Christmas is here!  The youthful me gets all giddy with memories of the excitement of Santa, presents and delicious food, and long days playing with my cousins.  The adult me feels the trepidation of expectation, expense, and emotional pressure.

It’s never been a perfect fit for me.  There’s the dominant iconography of pine trees, snow, and a man dressed in red velvet and boots – all this in a sun-baked land where pines are an introduced species, snow a rarity, and where, in my youth, any man in velvet might have become a victim of homophobia.  And my family, like all others, can bristle when in close quarters for a whole day.

Of course, I’ve watched it become more commercial – the earlier onset of Christmas carols in the shops, the excessive consumption of both food and presents, and the growing feeling that it was all becoming a bit of a chore, another day to just get through, survive.

Christmas day is a metaphor for life, a 24-hour microcosm.  Early on, it’s all smiles and happiness, just like when a baby is born. By lunchtime a bit of frazzle has set in as the physical and emotional ‘work’ of the day takes its toll, and any unattended issues among family and friends start to present themselves. That’s adulthood.  At the end, it’s a time for reflection, surrounded by the debris of the day, imagining what could be different next time.  Boom! Full circle.

So I have a little life mantra, which is therefore a Christmas mantra, and I’d like to share it with you.  It’s not mine, but I have the author’s permission to share:

“Be open, warm, and good.

By being open, we respond easily to the unplanned, unexpected and surprising.  We take things in but let them out just as quickly, not holding on.  We imagine our heart as a bubble of light, an open space, which helps us keep afloat in tumultuous times.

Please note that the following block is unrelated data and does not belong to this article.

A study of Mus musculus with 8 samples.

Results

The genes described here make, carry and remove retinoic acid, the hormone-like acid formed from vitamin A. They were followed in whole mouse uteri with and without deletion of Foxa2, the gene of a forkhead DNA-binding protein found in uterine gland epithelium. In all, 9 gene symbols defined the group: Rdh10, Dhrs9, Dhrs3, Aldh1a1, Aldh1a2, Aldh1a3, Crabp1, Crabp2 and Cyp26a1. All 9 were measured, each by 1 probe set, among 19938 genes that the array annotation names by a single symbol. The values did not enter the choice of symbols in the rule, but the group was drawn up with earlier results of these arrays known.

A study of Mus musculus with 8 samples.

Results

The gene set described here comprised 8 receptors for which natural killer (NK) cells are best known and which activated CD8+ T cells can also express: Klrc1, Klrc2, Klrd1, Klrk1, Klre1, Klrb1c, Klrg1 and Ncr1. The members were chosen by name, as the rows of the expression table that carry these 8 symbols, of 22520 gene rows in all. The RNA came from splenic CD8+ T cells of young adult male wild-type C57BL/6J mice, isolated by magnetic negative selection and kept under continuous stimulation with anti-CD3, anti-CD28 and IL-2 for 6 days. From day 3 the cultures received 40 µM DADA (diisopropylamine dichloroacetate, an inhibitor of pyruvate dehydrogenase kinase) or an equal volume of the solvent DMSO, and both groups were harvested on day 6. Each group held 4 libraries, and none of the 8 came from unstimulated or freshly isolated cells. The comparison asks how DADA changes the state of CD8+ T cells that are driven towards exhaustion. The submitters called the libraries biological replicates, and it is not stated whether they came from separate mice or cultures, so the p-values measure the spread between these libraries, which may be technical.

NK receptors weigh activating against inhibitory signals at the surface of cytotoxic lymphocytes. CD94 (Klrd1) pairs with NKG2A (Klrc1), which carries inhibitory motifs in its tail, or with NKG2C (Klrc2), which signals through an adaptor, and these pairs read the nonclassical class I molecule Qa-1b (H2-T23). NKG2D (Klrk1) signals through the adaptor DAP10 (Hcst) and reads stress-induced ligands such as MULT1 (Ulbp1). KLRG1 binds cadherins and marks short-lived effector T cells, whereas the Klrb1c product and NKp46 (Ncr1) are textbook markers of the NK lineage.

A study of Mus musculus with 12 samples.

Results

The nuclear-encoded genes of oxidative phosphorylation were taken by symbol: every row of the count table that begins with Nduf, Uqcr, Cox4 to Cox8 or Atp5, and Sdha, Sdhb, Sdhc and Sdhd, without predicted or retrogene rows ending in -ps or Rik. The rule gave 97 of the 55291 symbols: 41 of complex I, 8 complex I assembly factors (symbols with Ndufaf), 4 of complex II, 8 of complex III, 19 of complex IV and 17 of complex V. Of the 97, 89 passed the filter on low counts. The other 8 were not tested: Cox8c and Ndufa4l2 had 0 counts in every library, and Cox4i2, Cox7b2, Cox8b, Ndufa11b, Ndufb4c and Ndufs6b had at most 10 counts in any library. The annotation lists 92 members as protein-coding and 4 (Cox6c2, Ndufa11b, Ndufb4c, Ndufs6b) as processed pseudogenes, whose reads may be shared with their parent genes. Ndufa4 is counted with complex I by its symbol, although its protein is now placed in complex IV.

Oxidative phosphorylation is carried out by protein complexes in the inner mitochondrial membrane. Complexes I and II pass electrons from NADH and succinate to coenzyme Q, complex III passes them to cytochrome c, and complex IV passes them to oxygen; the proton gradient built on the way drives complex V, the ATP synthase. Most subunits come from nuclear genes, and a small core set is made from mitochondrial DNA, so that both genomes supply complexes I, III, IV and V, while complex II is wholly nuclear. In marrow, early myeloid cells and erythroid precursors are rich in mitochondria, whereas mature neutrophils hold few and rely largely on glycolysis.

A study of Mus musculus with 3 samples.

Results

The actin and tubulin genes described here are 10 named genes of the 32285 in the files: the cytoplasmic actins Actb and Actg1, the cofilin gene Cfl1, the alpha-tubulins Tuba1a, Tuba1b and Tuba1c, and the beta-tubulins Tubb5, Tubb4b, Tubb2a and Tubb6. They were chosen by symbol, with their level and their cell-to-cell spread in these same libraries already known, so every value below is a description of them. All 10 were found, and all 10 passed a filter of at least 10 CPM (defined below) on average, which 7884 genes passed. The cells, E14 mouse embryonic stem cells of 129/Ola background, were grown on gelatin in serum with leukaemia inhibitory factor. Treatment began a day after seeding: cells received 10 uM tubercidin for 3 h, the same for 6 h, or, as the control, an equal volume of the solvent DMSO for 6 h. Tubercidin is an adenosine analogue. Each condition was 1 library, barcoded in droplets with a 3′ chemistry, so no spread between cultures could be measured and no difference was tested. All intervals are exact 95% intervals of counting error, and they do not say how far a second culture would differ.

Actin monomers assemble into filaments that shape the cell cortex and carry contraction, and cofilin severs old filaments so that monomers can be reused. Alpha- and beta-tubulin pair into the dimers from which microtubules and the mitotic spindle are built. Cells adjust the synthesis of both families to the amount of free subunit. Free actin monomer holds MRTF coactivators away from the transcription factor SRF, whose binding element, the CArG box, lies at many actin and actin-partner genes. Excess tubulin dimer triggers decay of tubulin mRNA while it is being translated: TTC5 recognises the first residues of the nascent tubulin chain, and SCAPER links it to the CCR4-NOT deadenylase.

Being warm attracts others and comforts them. We are not frosty or icy, but the anthesis of those things.  We imagine a fire inside us, a place of energy, an antidote to the coldness of interpersonal pain and distance.  Any person with whom we engage benefits from the warmth. We love.

Being good requires mastery of self, a desire to lead by modelling behaviours we ourselves desire. Being good means being aware of our impact on time, place, and people, acknowledging that the only thing we truly control is ourselves. We imagine the bubble of light and the fire inside us as a lantern, not for others to follow, but for ourselves. We are led positively”

There is no doubt that Christmas can be emotionally and psychologically stressful. Please reach out to a mental health professional if you need support during the festive season. Merry Christmas to one and all.

Photo by Mel Poole on Unsplash

Disclaimer: This article contains the views of the author and is not a replacement for therapeutic support. Please reach out to a registered therapist if you are experiencing distress and require assistance.